Artwork completes forever home
A contemporary villa in Louth is the home of uniquely created artworks thanks to the creative skills of a local interior designer and blacksmith, and the owners’ inspiring ideas.
Making an offer on a property that you have only seen online is a brave move but one which was forced on Aletia and Nick Bourne during lockdown.
“We were living in Scotland and wanted to move further south for family reasons,” explained Aletia.
“We had seen the house up for sale a year previously and couldn’t believe our luck that it had come back on the market. You could only cross the border if you had proof of memorandum of sale so we took the leap and put in our offer unseen.”
The property on Horncastle Road is six years old and was built to a very high specification by a local businessman. Its eco-friendly design includes a double helix shaped roof which reflects and blends into the surrounding Lincolnshire Wolds landscape. There is underfloor heating throughout powered by ground source heat pumps. Integral electric blinds and curtains are fitted to the large floor-to-ceiling, south facing windows which give panoramic views across stunning landscapes from the interior and terrace.
The house, which is predominantly open plan, is entered via a large entrance hall, leading to the kitchen dining area, with central, open staircase, marking the start of a 75ft long ground floor lounge.
The double helix design of the roof had given Aletia inspiration for a new name for the house. Its likeness to two entwined snakes led her to research the mythical significance in Egyptology of ouroboros; the circular symbol of a snake swallowing its tail as a sign of wholeness or infinity.
couple had moved seven times in seven years prior to moving to Louth so the name was perfect for how Aletia and Nick felt about the house as their forever home – so Ouroboros it became.
“Other than the integral fittings, not much had been done internally so I wanted to add our own decoration and influences while still keeping the impact of the contemporary architecture.
“Through a mutual friend I met Market Rasen based interior designer Tracy Hogge. We hit it off immediately and Tracy offers the one-to-one service we were looking for.”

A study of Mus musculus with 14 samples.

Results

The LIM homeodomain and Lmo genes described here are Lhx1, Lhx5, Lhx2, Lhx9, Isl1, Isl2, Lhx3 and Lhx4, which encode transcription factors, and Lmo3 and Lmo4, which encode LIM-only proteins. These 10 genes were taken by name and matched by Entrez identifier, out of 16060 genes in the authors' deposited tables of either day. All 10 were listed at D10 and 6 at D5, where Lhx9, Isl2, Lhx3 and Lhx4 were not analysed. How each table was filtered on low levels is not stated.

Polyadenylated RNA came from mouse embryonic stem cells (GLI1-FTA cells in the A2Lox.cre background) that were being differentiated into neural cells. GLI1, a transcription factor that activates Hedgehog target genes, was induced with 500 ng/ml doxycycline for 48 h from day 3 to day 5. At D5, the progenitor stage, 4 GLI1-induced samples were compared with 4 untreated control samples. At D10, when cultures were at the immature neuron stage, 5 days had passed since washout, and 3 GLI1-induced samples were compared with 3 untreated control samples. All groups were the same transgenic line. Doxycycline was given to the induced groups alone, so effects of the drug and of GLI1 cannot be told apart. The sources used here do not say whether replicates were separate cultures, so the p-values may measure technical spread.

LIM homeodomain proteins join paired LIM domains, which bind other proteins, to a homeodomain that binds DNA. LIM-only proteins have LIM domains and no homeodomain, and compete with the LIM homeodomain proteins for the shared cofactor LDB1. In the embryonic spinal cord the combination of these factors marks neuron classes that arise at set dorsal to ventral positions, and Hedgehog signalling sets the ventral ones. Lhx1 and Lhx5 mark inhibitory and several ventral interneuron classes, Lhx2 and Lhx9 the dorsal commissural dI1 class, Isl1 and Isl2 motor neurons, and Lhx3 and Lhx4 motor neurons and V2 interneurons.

Tracy, director of Tracy Jane Interiors, is originally from Cleethorpes, trained in soft furnishings but has worked in London and Australia for large hotel groups. Latterly, Tracy worked for a well-known interior design firm in Kent until lockdown brought her back to Lincolnshire.
The fireplace and the dining area next to the open plan kitchen both have large recessed areas for flat screen TVs.
Aletia explained: “I am not a fan of the ‘one-eyed god’ in every room, so I wanted something out of the ordinary, design wise, to fill these spaces.
I found a pendant which depicted ouroboros so after conversations over lots of cups of coffee with Tracy, we decided to commission an artwork which depicted two entwined snakes.”
Tracy’s scheme for the house décor featured metallics with rich textures and natural references of colour.
Their first approach was made to an artist who paints in acrylics on canvas. Despite several designs, it became apparent that the effect they wanted could not be achieved in this medium.
Talking to another artist about her dilemma led Tracy to Lincoln based blacksmith Ryan Atkin who produced designs for two circular entwined snakes eating each other’s tails, fabricated in mild steel. Ryan works from his home but trained with Welton Forge, worked at Chainbridge Forge in Spalding and has taught his skills at Lincoln Castle. His work varies from domestic ironwork to sculptures.
“Ryan captured the brief perfectly, especially once he had worked out a technique for recreating the scaled skin texture close to the heads. The 3D effect of this hung sculpture, especially when lit from above, promised to be outstanding.”
The manufacturing process was not without its challenges. The sprung nature of the curved metal snakes made it difficult to fix them in their central figure of eight position. A slip to the forge floor actually secured the fit of tails to mouths.
The snake skin effect was achieved with a tool made with part of a blacksmith’s rasp. The sculpture is mounted on a metallic bronze solid back within a solid steel frame. The weight is approximately 150kg so there are three very large brackets to secure the piece into the recess. It has become not only the symbol of the house but also the focal point of the lounge.
“Once Ryan produced his designs, both Tracy and I knew we had found the person we could trust to deliver our vision. It has been wonderful to work with Ryan and he is also producing new gates and a railing panel for the top of the walls which surround the house.”
Tracy’s next project for Aletia and Nick is creating decorative panels to tie the corridor of the guest wing with the rest of the house when viewed from the terrace or lounge.
There is also a design underway for a floor-to-ceiling water wall in the entrance hall. Its polished bronze background and metallic chains will offer continuity with the natural slate feature walls in the lounge.
Meanwhile, Ouroboros has been greatly admired by guests and confirms the Bournes’ wholeness with their Lincolnshire home.